Updated 10:49 PM ET
(CBS/AP) NEW YORK - FBI agents and New York City police officers were in a downtown New York City basement Thursday, searching for clues in the 1979 disappearance of Etan Patz.
CBS New York reports authorities have previously searched the building at Prince and Wooster streets where Patz lived.
Patz vanished without a trace in May 1979 after leaving his family's Manhattan apartment for a short walk to catch a school bus. It was the first time his parents had let him go off to school alone.
The building they searched on Thursday is about a block and a half away and on the same route Patz would have walked to the school bus.
Police spokesman Paul Browne said a forensic team was looking for blood, clothing or human remains. They are expected to be at the site for as many as five days. He wouldn't say what evidence led investigators to the property.
"The FBI and the NYPD are looking for evidence in the Etan Patz investigation. It's one of many leads that we're pursuing. It is a joint matter between the FBI and NYPD and no conclusions should be made about specifically why we're here or what we're looking for," FBI spokesman Tim Flannley.
According to CBS New York, a new search warrant was issued in the last week, allowing this search to begin Thursday.
FBI and police officials didn't publicly announce what led them to the site, but a law enforcement official told The Associated Press that investigators made the decision to dig after an FBI dog detected the scent of human remains at the building over the past few weeks.
Investigators have long eyed the basement with curiosity because it can be accessed from the street on the boy's route to school. At the time, the space was being used as a workshop by a neighborhood handyman who was thought to have been friendly with Etan.
FBI investigators have interviewed the man several times over the years. Investigators questioned him again recently, and as a result of those discussions decided to refocus their attention on the building, according to the law enforcement official.
The official spoke to the AP on condition of anonymity because the investigation is ongoing. Two other law enforcement officials also confirmed that an FBI dog had indicated the scent of human remains in the space.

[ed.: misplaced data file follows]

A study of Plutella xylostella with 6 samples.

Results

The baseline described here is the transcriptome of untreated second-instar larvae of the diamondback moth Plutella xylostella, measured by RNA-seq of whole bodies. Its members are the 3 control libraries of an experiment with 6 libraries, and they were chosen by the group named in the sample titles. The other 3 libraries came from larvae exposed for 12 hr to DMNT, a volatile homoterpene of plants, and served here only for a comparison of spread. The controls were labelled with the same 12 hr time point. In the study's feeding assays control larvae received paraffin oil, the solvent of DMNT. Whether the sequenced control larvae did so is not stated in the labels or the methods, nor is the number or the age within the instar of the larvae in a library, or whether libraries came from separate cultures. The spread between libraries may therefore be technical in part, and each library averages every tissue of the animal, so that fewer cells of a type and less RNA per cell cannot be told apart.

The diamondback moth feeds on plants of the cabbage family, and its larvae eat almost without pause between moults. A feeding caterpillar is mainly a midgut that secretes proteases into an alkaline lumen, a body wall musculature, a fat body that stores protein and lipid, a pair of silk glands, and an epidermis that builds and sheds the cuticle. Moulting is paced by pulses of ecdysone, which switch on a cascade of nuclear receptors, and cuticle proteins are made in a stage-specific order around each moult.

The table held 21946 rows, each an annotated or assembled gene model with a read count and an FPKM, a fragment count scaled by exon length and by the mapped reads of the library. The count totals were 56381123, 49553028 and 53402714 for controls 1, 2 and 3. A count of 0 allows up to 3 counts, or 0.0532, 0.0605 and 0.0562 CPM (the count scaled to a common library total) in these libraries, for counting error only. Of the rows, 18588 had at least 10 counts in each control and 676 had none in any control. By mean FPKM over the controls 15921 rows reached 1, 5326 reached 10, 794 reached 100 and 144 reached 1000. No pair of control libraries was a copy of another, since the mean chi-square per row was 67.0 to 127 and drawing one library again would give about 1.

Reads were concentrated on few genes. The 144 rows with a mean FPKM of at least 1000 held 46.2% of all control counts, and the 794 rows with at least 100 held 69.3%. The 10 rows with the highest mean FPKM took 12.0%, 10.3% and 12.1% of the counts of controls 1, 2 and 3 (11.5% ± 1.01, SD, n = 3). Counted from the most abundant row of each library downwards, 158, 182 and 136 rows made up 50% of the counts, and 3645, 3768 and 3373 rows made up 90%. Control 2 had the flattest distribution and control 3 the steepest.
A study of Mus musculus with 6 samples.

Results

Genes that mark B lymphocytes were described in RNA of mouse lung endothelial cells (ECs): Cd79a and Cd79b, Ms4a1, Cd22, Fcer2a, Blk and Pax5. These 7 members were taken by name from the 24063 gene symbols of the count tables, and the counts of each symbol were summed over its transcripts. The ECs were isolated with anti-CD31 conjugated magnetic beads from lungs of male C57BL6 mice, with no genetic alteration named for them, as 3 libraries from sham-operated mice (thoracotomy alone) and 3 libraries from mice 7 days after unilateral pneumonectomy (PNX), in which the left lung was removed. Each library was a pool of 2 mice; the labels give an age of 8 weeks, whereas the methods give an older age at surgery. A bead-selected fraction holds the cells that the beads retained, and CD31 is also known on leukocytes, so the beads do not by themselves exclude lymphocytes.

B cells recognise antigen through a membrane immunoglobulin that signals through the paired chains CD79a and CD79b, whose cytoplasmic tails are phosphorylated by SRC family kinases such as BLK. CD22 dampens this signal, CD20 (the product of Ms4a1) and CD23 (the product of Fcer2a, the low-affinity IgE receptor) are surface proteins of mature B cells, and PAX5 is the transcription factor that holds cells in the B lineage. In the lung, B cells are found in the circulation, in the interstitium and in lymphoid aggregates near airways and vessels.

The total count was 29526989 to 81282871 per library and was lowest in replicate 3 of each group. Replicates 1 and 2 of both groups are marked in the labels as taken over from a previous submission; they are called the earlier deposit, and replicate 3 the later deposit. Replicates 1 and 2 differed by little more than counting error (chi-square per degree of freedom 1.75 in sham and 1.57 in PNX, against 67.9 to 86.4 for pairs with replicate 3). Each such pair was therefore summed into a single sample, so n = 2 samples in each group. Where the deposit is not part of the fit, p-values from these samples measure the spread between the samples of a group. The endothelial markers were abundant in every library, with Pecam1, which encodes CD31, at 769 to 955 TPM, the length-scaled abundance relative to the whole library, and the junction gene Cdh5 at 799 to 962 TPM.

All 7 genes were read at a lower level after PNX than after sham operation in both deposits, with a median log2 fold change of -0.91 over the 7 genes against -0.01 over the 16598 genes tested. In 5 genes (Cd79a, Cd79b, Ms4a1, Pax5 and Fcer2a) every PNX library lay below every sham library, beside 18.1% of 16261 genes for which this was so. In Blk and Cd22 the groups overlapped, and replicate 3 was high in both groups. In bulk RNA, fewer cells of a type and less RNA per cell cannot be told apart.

District Attorney Cy Vance confirmed in May, 2010 that his office would reopen the case. "This was a shocking case at the time and it hasn't been resolved," Browne said.
Etan's disappearance drew national attention to child safety, ushered in a generation of parents who became afraid to send their kids out alone and helped fuel a movement to publicize missing children's cases. Etan's face was among the first to appear on milk cartons. President Ronald Reagan declared May 25, the day of his disappearance, National Missing Children's Day.
Etan's parents, Stanley and Julie Patz, became outspoken advocates for missing children. For years, they refused to change their phone number, in the hope that Etan was alive somewhere, and might call. They never moved, although they obtained a court order in 2001 declaring the boy dead.
Stanley Patz didn't respond to phone calls and email messages Thursday. A man who answered the buzzer at the family's apartment said they wouldn't be speaking to the media.
"We obviously are looking to bring closure to the investigation and to the family but that'll be determined throughout the course of this case," Flannley said. "We are obviously optimistic that we might find evidence but again people shouldn't draw conclusions from this. We're doing the best we can to bring closure in this matter."
No one has ever been prosecuted for the crime but the boy's parents sued an incarcerated drifter and admitted child-molester, Jose Ramos, who had been dating Etan's babysitter around the time he disappeared. However, Ramos denied killing the child, but in 2004 a Manhattan judge ruled him to be responsible for the death.
Ramos is scheduled to be released from prison in Pennsylvania this year, when he finishes serving a 20-year-sentence for abusing an 8-year-old boy.
Investigators have looked at a long list of possible suspects over the years, and have excavated in other places before without success.
The 13-foot by 62-foot basement space being searched Thursday sits beneath several clothing boutiques. Investigators began by removing drywall partitions so they could get to brick walls that were exposed back in 1979 when the boy disappeared, Browne said.
Browne said the excavation is part of a review of the case, which was reopened by the Manhattan district attorney two years ago.
"This was a shocking case at the time and it hasn't been resolved," Browne said.
The law enforcement activity forced the temporary closure of some businesses on the block, including the fashion boutique Wink, on the ground floor of the excavated building.
"It's insignificant," owner Stephen Werther said of the lost business. "It's retail. There's always another day for us to make a living. This may be the family's last chance to find out what happened to their son."